US Auto Fuel Economy Standard in a flux

US Auto Fuel Economy Standard in a flux

By Louis Rumao:

While clean-air advocates sound alarm about a dramatic weakening of the Obama-era efficiency & emission standard, automakers prefer the 2022-25 model year emissions targets, which they expect, would ratchet up more gradually and offer more compliance flexibility

Louis Rumao

In 2012, the Obama administration signed a new regulation for Corporate Average Fuel Economy (CAFE) requirements. In essence, it takes a single automaker and considers the average fuel economy rating of each model vehicle it produces, then combines those averages into one single average score for the company as a whole. This regulation mandates all automakers to average up a CAFE rating of 54.4 miles per gallon (mpg) by the year 2025. The cost of compliance notwithstanding, this requirement forced automakers to innovate to reduce fuel consumption and greenhouse gases. Some of the results from the mandate led to trends such as engine downsizing – no more V-6 and V-8’s for many models, more widespread use of turbo-charging, and more efficient transmissions with numerous gears. This mandate is also why hybridisation and electrification are all the buzz these days!
Then comes the new administration in January 2017 of President Donald Trump, who had promised during election campaign to undo many of Obama’s initiatives. So, out go the Paris Climate agreement and the Iran nuclear agreement, while the 2012 CAFÉ standard is also under scrutiny for possible relaxation.
Now the US Environmental Protection Agency (EPA), under chief Scott Pruitt, has proposed to modify this 54.4 mpg CAFE mandate. “The Obama Administration’s determination was wrong,” Pruitt noted in a statement. “Obama’s EPA cut the Midterm Evaluation process short for political expediency, made assumptions about the standards that didn’t comport with reality, and set the standards too high.”
Automakers surely would like to see updated CAFE standards that are consistent with market realities and industry trends, and it is not surprising that the Trump administration, with its supposedly industry-friendly bias, would be happy to help. Besides, the emerging trends of electrification and car-sharing were not considered when the current standard was established in 2012. Some auto makers feel that CAFÉ revision is overdue to highlight differences between vehicles powered by fossil fuels and those that use alternative energy sources.
While clean-air advocates have sounded alarm about a dramatic weakening of the Obama-era efficiency & emission standard, automakers certainly prefer that the 2022-25 model year emissions targets would ratchet up more gradually and offer more compliance flexibility. “The auto industry CEOs support continuous improvements in fuel economy, while aligning CAFÉ standards with market demand”, said Wade Newton, a spokesman at the Alliance of Automobile Manufacturers.
GM’s CEO Mary Barra said the following in an open letter to employees. “Regardless of the outcome of these discussions with the Trump administration, I assure you we have an absolute and unwavering commitment to improve fuel economy, reduce emissions and invest in technologies to drive an all-electric future,” Barra wrote. “These are the right actions for our customers, our company and our environment. A single, national standard would allow us to focus our resources on innovations that benefit our customers and society as we pursue our vision of a world with zero crashes, zero emissions and zero congestion, instead of diffusing resources to meet different rules within the United States,” Barra told GM’s workforce.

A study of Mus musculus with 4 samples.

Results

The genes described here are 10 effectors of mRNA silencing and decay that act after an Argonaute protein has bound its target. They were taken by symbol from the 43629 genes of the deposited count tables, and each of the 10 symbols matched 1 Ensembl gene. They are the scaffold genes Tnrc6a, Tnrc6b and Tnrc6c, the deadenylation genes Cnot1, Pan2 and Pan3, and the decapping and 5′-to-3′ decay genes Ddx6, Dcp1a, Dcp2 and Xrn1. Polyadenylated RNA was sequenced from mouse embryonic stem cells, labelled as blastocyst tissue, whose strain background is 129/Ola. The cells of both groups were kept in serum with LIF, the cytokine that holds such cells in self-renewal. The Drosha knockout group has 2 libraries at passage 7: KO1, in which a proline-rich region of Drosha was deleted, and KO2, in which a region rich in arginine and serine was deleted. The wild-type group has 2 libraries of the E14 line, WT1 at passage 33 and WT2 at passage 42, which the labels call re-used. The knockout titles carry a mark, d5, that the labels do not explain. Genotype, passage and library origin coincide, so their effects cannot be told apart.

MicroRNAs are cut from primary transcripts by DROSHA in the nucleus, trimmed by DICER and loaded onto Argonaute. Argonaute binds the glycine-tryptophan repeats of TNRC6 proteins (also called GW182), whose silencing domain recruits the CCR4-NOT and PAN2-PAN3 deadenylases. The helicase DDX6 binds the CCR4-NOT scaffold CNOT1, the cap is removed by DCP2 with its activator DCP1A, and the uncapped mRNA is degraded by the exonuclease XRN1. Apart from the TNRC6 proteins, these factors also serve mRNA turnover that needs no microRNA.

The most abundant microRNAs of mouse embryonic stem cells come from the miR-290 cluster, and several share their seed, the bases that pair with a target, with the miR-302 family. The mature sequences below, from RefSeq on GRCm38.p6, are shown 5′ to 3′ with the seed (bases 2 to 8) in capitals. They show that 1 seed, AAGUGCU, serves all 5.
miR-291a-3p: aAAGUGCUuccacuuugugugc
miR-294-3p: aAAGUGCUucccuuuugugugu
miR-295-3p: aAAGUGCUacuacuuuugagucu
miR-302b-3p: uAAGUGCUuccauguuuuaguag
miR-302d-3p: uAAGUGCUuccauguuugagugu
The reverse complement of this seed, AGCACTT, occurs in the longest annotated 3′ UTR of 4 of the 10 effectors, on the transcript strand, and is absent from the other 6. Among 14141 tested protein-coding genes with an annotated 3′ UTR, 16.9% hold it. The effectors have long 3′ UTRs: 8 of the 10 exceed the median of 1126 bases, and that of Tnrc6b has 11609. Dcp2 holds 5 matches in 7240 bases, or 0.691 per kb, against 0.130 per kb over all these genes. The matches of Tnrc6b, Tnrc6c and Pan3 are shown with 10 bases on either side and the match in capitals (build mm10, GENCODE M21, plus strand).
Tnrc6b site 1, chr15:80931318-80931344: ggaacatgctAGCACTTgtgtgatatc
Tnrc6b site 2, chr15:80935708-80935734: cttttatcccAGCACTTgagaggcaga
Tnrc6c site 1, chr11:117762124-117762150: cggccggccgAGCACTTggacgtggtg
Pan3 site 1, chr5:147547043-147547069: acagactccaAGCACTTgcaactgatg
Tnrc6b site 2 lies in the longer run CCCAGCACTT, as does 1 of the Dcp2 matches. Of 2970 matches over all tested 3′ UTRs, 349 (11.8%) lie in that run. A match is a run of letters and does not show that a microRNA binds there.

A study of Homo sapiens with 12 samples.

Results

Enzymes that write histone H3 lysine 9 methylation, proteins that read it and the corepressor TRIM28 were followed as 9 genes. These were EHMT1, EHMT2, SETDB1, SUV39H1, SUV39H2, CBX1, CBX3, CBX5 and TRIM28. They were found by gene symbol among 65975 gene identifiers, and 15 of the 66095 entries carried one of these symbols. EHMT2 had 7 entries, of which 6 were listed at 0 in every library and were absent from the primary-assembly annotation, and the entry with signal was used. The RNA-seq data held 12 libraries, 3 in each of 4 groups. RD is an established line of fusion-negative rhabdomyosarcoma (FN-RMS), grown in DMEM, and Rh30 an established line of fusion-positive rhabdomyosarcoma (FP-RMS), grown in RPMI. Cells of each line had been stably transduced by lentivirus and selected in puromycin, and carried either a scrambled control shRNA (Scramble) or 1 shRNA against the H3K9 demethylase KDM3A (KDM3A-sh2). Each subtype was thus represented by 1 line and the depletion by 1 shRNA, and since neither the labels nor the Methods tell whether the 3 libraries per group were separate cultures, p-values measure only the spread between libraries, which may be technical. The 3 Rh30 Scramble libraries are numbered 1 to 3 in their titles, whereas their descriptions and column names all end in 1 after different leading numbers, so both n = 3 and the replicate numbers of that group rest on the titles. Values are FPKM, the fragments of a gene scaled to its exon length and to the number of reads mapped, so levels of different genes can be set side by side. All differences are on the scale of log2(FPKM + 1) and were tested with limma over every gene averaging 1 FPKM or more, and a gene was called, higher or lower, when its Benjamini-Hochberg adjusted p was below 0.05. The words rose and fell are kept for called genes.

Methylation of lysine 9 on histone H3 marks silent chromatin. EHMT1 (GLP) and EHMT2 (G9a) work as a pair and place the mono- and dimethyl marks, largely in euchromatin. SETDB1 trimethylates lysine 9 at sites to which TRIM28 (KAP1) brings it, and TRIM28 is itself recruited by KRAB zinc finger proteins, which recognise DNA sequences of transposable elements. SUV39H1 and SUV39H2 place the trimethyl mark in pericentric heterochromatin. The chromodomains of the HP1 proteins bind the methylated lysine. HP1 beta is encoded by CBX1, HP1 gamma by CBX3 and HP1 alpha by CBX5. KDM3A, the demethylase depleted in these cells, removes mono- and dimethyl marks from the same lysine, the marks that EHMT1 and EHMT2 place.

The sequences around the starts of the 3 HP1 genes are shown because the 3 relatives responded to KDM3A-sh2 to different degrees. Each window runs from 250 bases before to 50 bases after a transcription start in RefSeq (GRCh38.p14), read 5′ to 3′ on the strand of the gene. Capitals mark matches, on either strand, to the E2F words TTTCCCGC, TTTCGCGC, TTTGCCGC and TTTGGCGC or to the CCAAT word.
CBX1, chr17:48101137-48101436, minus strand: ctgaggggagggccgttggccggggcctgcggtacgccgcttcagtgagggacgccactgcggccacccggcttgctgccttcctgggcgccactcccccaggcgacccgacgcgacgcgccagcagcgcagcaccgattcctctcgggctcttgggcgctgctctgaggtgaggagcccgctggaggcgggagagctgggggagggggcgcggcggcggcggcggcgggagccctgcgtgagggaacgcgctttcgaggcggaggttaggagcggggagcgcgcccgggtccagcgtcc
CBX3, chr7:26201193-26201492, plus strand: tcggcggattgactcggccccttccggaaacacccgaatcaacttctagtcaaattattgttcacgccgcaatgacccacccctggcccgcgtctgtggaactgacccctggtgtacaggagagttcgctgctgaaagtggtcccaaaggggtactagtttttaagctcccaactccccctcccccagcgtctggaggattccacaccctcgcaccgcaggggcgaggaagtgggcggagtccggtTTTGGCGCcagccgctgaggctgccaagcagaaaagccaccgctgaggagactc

But there is a problem: Under the 1975 Clean Air Act, California has the authority to set its own rules, if it determines that the Federal standard is more lenient than what it wants. Seventeen additional states have indicated that they would join California to preserve the current emission standard, challenging EPA administrator’s April 2 ruling that the existing rules are too aggressive.
The auto industry would prefer relaxation of the current CAFÉ standards, but not so much that they provoke a legal fight with California, which has power to impose its own stricter tailpipe pollution limits. Such a fight would entail long court fight and could create more than one standard.
Auto makers’ stated priority is finding a sweet spot where modest changes can be made to the program without risk of losing the support of California’s strict air-quality regulators, so that they can sell all models in every state. The Trump proposal jeopardises that by seeking to scuttle California’s authority to set stricter emissions rules if it objects to the federal plan.
Addressing that key concern for manufacturers, President Donald Trump has instructed his administration to explore negotiations with California on achieving a single fuel economy standard for the nation and tasked Transportation Secretary Elaine Chao and Environmental Protection Agency Administrator Scott Pruitt to handle the talks with California officials. The president met with top auto executives on May 11, 2018 to further discuss their issues. During the meeting, which was described as “constructive,” Trump pointed to Marchionne, CEO of Fiat Chrysler, saying that he was “my favorite man in the room,” an obvious reference to Fiat Chrysler’s plan to move some auto production from Mexico to Michigan. After the meeting Mr. Marchionne said, “We deal with a multitude of standards on a global scale, not very pleasant to deal with, as they require phenomenal effort, both in terms of engineering and manufacturing, to make sure we comply. A uniform world would make it much easier to operate.”
Hopefully, the US government will proactively issue a right standard to satisfy both the auto industry and the environmentalists.